Creating healthy, sustainable and inclusive neighbourhoods in urban areas - this is the goal of the European project COMPAIR focusing on air quality monitoring in the cities of Athens, Berlin, Sofia, Plovdiv and the Belgian region of Flanders. In a series of workshops, citizens and experts will work together to develop citizen-friendly solutions for measuring and analysing air pollution and for developing strategies to improve air quality.
The second COMPAIR workshop, organised by inter 3, Fraunhofer Heinrich Hertz Institute (HHI) and the European Citizen Science Association (ECSA), took place as a hybrid event on June 22 at CityLAB Berlin. Dedicated citizens came together in a pleasant atmosphere to contribute their ideas on the topic of visualising air quality and traffic counts. The workshop served the purpose of introducing the participants to first drafts of two visualisation technologies and hearing their opinions on the functionalities and design of these technologies.
User-friendly measurement technology for checking air quality
Vlatko Vilović from inter 3 introduced the COMPAIR project online. The focus lay primarily on the application of sensors for air and traffic measurement as well as the visualisation of air and traffic data in the context of Berlin’s two pilot projects.
Afterwards, a platform for visualising air pollution in playstreets was presented. The platform aims to investigate the consequences of temporary playstreets that are closed to car traffic. It will visualise both the effects on traffic displacement and on air quality in the playstreet itself as well in the surrounding streets. Participants contributed their ideas and thoughts on the different elements of the platform in three interactive exercises.
The second step focused on participants’ feedback on an interactive augmented reality (AR) app for visualising air pollution. The app displays air quality data on mobile devices so that information about ambient air quality can be shown and hidden as needed. Sylvain Renault, project partner from Fraunhofer HHI, presented the core idea of AR technology at the workshop. Here, too, the participants were able to express their opinions and make suggestions for improving the design of the AR system.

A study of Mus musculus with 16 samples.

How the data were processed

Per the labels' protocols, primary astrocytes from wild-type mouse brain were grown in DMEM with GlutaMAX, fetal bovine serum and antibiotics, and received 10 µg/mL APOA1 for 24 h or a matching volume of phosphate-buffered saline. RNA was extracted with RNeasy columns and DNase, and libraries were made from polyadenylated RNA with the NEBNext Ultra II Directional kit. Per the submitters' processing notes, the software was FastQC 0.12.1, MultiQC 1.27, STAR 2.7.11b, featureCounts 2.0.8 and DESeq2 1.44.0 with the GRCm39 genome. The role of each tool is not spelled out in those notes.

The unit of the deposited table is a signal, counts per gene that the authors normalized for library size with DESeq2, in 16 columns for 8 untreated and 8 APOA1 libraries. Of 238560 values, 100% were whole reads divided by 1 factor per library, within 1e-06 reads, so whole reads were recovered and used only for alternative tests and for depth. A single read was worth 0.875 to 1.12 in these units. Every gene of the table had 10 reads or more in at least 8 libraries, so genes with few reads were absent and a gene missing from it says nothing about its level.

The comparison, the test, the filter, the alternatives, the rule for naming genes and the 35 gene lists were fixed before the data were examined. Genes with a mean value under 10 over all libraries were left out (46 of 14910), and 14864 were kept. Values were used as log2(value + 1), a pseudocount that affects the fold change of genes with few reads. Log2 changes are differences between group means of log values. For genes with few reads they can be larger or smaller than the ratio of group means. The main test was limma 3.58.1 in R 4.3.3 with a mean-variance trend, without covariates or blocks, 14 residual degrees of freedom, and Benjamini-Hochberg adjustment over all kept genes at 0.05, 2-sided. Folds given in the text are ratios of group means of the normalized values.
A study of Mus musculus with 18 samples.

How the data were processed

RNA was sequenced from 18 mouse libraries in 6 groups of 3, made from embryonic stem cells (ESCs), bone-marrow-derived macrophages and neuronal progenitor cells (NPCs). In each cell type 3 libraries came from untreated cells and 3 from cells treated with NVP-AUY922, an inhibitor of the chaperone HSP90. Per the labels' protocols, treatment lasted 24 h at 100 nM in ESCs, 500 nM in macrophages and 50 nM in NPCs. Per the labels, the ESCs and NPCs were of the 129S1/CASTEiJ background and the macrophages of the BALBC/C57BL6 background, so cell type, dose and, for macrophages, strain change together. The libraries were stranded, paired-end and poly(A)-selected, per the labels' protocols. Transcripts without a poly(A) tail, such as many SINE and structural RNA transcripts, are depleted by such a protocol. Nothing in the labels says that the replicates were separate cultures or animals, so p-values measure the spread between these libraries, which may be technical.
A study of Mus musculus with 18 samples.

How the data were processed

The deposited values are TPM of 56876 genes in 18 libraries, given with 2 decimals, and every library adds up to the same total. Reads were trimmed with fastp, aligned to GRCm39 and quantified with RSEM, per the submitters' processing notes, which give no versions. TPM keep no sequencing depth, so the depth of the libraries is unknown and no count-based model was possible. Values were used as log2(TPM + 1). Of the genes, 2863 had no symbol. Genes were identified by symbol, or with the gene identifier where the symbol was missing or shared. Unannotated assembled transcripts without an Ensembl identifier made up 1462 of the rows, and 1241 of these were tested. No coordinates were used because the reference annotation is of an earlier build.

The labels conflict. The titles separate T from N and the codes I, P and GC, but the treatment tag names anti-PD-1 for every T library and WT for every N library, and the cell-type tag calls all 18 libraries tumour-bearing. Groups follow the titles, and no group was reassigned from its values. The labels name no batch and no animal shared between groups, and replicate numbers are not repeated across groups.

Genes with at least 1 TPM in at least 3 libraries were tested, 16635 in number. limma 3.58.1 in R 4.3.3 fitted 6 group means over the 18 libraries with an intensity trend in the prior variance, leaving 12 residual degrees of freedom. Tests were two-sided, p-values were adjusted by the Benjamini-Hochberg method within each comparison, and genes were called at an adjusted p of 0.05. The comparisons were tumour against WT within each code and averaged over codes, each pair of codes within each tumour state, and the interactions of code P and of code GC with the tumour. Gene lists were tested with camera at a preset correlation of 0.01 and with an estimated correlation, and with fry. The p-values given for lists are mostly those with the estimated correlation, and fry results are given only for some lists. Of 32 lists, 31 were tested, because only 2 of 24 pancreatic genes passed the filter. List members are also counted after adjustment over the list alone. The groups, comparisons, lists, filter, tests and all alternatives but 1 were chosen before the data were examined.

Where do we go from here? The results will be evaluated and passed on to the project’s technical team, with the most important and useful functionalities being taken into account during the upcoming platform development phase. The final product will then be used in the implementation phase of the two Berlin pilot projects.
You can find the latest information on this and other developments on the COMPAIR website. Stay tuned!
Bringing together citizen science and sustainable urban development
The collaborative work of citizens, experts and scientists is at the heart of this EU citizen science project. Transport and environmental experts, committed urban designers and climate activists as well as municipal decision-makers are brought together to work on joint solutions at eye level. The results produced by citizen scientists will be incorporated into existing statistics and supplement and optimise environmental policy decision-making criteria. With examples from all over Europe, the project will also demonstrate how cities and municipalities can use citizen science projects to involve their citizens in sustainable urban development and achieve their sustainability goals.